Crime Library: Criminal Minds and Methods

Cary Stayner and the Yosemite Murders


Throughout the next several weeks, a task force (comprised of FBI agents and law enforcers from four surrounding counties), dedicated to no other purpose than to round up suspects, arrested several known sex offenders, drug users and ex-convicts with a record of violence from within a 75-square-mile area between Modesto and Sonoma. The police figured that the killer of the three women was someone familiar with the county, for whoever was guilty had successfully maneuvered an otherwise obvious shiny red Pontiac unseen through the natural terrain of ravines, lakes, dense woods and country roads. More so, opined the FBI, only a native would have been aware of the out-of-the-way site where the car, with its grisly contents, was eventually abandoned.

The burned-out wreckage of the car (Police file photo)
The burned-out wreckage of the car
(Police file photo)

Said the March 29 edition of Newsweek: "The FBI... believes that the killer knows the area of abandoned gold mines well enough to hide the car off a spur road where locals dump old refrigerators, cars and washing machines. And well enough to know that the smell of a burning car would likely not attract attention because the air often reeks from people burning their garbage. Unsettled locals are starting to whisper about possible murderers in their midst."

By mid-April, those who had been apprehended-on-suspicion were ordered to testify in front of a grand jury in Fresno, California. "A few weeks later," says the Fresno Bee, "(James) Maddock (in charge of the FBI manhunt) ...confirmed what The Bee and other news media outlets already were reporting: that the key players in the sightseer slayings had been arrested and were in jail on unrelated charges."

Although not named in print at the time, these names have since been published by the Fresno Bee:

  • Michael "Mick" Larwick, 42, of Modesto, part of a vagabond group of methamphetamine drug users and friends centered in the Modesto area. Larwick, who grew up in Tuolumme County near where the bodies of Carole Sund and Silvina Pelosso were found, was jailed March 16 after he allegedly shot a Modesto police officer, an event that was ensued by a 14-hour standoff. He has an long criminal record and has been questioned extensively by the FBI. He denies any role in the Yosemite slayings.
  • Eugene"Rufus" Dykes, 32, also of Modesto and Larwick's half-brother. Arrested in March, he is now serving a year at Deuel Institute for an unrelated parole violation and has a long criminal record including sex and weapons convictions. In an interview from Deuel in June, he denies any involvement in the murders.
  • Billy Joe Strange, 39, an El Portal parolee who worked at the Cedar Lodge lounge and restaurant, where the murdered women were last seen. He was arrested March 5 when he allegedly reported to his parole officer with liquor on his breath. The FBI pushed for Strange's arrest, but he denied any part in the triple murders. Reportedly, many friends have rushed forward to his aid, calling the FBI's suspicion a travesty.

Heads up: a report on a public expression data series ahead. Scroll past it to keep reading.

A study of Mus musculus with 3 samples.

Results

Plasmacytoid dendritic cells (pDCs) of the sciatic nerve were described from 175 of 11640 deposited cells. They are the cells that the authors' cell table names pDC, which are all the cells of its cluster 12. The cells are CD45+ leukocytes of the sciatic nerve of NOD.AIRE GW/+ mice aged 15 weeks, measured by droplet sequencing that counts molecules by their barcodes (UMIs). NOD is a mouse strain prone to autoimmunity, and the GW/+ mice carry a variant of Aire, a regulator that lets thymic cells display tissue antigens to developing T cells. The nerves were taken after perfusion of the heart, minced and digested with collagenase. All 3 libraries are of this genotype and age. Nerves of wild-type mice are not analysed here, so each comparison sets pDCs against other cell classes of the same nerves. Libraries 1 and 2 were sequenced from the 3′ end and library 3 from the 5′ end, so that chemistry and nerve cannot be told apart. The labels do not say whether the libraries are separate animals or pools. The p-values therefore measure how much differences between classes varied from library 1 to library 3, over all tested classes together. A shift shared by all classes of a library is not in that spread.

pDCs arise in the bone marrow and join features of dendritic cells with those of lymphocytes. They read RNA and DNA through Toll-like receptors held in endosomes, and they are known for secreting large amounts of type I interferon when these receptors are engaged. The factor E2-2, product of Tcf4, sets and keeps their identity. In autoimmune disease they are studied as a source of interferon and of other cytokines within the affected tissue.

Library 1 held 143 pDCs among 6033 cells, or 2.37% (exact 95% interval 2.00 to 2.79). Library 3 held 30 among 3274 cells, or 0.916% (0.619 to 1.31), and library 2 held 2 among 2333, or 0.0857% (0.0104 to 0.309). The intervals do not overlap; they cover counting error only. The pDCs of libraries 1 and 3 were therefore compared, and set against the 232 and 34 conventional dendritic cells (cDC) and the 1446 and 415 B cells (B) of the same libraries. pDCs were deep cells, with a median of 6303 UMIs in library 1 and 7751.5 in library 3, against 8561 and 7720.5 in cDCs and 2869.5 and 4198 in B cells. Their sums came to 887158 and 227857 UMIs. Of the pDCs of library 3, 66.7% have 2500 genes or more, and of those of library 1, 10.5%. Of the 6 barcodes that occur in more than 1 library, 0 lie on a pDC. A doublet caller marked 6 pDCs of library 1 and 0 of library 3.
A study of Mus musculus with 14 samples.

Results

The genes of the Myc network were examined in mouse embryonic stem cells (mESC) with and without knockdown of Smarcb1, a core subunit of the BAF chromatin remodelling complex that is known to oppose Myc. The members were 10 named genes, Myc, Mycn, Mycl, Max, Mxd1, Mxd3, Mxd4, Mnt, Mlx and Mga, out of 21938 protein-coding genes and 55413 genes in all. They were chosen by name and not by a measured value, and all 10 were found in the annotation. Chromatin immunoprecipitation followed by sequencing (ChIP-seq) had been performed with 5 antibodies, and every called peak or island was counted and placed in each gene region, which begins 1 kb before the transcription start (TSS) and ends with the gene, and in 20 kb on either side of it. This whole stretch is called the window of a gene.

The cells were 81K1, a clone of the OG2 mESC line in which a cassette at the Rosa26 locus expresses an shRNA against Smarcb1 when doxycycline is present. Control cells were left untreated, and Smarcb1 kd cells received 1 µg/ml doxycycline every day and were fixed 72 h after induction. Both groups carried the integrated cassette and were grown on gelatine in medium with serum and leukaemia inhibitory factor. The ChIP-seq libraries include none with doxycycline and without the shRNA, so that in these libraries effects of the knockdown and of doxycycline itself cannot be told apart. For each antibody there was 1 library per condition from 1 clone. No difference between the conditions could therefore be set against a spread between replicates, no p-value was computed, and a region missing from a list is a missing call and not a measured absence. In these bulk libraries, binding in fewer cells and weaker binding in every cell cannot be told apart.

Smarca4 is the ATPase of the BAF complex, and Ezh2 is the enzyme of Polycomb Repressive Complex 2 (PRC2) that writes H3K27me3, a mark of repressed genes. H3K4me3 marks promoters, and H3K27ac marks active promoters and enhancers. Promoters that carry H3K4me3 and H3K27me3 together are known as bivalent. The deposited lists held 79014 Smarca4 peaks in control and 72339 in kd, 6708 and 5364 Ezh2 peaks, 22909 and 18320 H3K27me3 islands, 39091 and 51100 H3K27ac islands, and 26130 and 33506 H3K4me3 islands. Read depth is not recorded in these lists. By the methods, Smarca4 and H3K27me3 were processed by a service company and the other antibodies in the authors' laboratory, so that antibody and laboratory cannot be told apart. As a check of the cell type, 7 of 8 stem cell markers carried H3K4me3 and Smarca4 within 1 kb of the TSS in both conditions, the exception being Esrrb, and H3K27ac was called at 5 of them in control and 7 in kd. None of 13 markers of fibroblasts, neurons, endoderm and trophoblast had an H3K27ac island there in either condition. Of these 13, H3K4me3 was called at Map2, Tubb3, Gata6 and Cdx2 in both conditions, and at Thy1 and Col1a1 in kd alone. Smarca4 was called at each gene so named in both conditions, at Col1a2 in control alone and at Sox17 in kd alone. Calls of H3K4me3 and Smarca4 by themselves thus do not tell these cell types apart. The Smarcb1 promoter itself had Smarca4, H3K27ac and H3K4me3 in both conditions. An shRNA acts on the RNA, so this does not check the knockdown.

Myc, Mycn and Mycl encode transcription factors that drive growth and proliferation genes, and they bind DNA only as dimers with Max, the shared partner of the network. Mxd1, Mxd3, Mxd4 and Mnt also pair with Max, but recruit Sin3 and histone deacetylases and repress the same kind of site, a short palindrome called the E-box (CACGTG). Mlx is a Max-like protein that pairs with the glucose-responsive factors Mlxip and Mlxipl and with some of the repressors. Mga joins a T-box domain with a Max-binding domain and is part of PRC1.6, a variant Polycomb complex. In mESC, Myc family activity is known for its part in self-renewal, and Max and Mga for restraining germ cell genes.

• Darrell Gray Stephens, 55, Strange's roommate. Convicted in 1978 for rape and robbery, he was jailed March 14 for failing to register as a sex offender. Stephens told the Bee that he is innocent.

While the four men listed above were considered the main murder suspects in the initial inquiries, others have since been questioned by the FBI. These people, who were never regarded as the possible killers, were nonetheless dragged into the case as perhaps abettors or witnesses:

  • Rachel Lou Campbell, 36, of Modesto, who was charged in April with stealing checks and credit cards, and converting them into cash and merchandise worth $365,000. Campbell, who pleaded innocent to that charge, reportedly is a key witness. When first arrested on mail fraud charges, she had in her possession Carole Sund's checking account and automated teller machine numbers.
  • Larry Duane Utley, 41, an associate of Dykes and Larwick, first picked up during a March parole sweep. He was arrested in May on an unrelated crime charge, but was soon released.
  • Teresa Kay Gray, 36, of Modesto. The FBI task force investigating Yosemite issued a federal warrant for her arrest after she failed to appear in Stanislaus County drug court in June.
  • Kenneth "Soldier" Stewart, 24, a former cellmate of Dykes who was charged with attempted murder. He has been questioned about any involvement.
  • Angelia Dale, who testified before the federal grand jury. She was subpoenaed because she is a friend of Dykes and Larwick.
  • Maria Ledbetter, 24, of Modesto, an admitted methamphetamine addict and former girlfriend of Dykes, about whom she was questioned extensively.
  • Jeffrey Wayne Keeney, 32, of Modesto. Arrested on an unrelated drug charge, he has been questioned about the Yosemite case.

By the end of June, the FBI had reviewed the testimonies of and the evidence linked to the suspects in custody. At that time, the Bureau stated that, while no one had yet been charged, it felt that those responsible for killing the three women at Yosemite were already behind bars.

The nation breathed a sigh of relief.

The Cedar Lodge in El Portal, California (AP)
The Cedar Lodge in El Portal, California

Others, too, had been questioned in the slayings — more routine than anything —and released. One of these was a man named Cary Stayner, clean cut, no record of violence, and was in the employment of Cedar Lodge as its handyman.

Three weeks after the FBI made its statement above, the case was reopened. And the nation grimaced. A fourth victim was brutally slain just a few miles from Cedar Lodge.